Secretary of State Ruth Johnson's message to Michiganders was clear, Monday. Auto insurance fraud is not okay.
It started with a one-day snapshot on July 31st, when the Secretary of State office had its branches across the state verify insurance for every registration renewal. The results were alarming.
"Over 16 percent of the insurance certificates brought into our offices were bogus," said Johnson.
In response, Johnson has announced the Fighting Auto-Insurance Rip-offs initiative, which includes the state police, prosecutors and state and insurance leaders.
Using staff training, registration suspensions and other methods, the hope is to tackle an issue in more than half of Michigan's counties, including mid-Michigan, where 4 percent of Ingham County insurances were invalid. The number was bigger is the surrounding counties, including 12 percent in Jackson, 14 percent in Eaton and 23 percent in Clinton.
Eaton County Prosecutor Doug Lloyd says it's just the tip of the iceberg.
"This is a one-day sample," he said. "If you increase that out, obviously, that's a lot of potential cases."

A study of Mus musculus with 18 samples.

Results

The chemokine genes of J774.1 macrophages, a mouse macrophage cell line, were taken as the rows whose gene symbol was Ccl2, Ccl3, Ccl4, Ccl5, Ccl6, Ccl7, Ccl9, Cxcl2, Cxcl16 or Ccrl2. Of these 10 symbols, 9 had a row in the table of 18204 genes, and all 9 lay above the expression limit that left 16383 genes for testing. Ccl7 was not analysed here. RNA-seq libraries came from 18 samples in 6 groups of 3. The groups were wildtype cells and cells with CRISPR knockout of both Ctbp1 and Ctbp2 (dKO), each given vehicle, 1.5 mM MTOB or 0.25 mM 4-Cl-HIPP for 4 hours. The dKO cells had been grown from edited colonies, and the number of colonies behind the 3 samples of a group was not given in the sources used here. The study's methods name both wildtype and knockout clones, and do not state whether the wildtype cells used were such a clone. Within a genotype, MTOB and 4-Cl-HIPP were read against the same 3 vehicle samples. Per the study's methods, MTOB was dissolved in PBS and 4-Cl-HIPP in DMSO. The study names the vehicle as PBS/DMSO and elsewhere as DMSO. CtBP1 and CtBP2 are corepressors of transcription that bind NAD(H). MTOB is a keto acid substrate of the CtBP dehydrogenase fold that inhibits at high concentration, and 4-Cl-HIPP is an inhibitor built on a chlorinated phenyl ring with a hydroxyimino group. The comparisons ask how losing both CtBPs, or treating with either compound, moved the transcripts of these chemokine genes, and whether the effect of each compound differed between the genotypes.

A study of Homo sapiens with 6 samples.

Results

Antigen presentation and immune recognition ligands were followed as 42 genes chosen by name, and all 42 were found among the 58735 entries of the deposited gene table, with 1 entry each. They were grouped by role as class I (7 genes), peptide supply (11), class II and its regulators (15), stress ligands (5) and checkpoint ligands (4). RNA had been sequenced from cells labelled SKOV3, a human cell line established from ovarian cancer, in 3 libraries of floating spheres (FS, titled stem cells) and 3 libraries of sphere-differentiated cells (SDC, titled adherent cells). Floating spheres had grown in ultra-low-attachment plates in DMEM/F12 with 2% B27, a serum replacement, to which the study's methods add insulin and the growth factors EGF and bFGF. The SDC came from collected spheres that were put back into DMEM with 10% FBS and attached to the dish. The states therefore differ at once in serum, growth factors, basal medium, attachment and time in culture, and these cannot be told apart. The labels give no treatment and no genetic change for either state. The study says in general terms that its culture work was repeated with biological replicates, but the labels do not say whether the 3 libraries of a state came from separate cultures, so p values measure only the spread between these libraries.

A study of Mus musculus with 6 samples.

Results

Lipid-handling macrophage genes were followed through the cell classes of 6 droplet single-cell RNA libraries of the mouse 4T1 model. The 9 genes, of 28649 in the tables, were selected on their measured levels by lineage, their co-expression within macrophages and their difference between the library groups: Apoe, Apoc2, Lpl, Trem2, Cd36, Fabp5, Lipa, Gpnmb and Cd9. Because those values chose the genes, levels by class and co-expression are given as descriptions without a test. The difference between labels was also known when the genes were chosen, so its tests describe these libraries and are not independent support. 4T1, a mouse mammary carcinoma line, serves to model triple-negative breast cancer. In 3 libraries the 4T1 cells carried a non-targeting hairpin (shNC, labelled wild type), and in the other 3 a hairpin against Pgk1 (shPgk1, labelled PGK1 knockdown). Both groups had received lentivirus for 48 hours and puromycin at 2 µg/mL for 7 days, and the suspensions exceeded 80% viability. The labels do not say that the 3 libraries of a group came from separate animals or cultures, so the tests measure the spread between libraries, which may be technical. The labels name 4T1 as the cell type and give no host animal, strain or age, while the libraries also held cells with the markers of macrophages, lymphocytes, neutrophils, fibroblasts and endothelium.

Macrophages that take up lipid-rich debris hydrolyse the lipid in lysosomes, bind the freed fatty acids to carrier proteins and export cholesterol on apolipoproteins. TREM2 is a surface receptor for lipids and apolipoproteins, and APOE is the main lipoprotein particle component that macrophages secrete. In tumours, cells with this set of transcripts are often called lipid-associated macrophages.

Johnson agrees, adding, "Some people are buying insurance, think they're insure until they get in a car accident. Then, they find out in a very bad way they weren't insured. Also, some people are cheating on purpose."
That cost of covering those cases has fallen on those with no-fault insurance to the tune of more than $200 million. Peter Kuhnmuench, Executive Director of the Insurance Institute of Michigan says identifying the problem is just the first step.
"Now that we've got this data on an on-going basis, we're going to be able to identify that and put a bigger number on it as time goes along," he said.
More importantly, Kuhnmuench says it'll help the state to enforce the laws, ultimately saving money for everyone.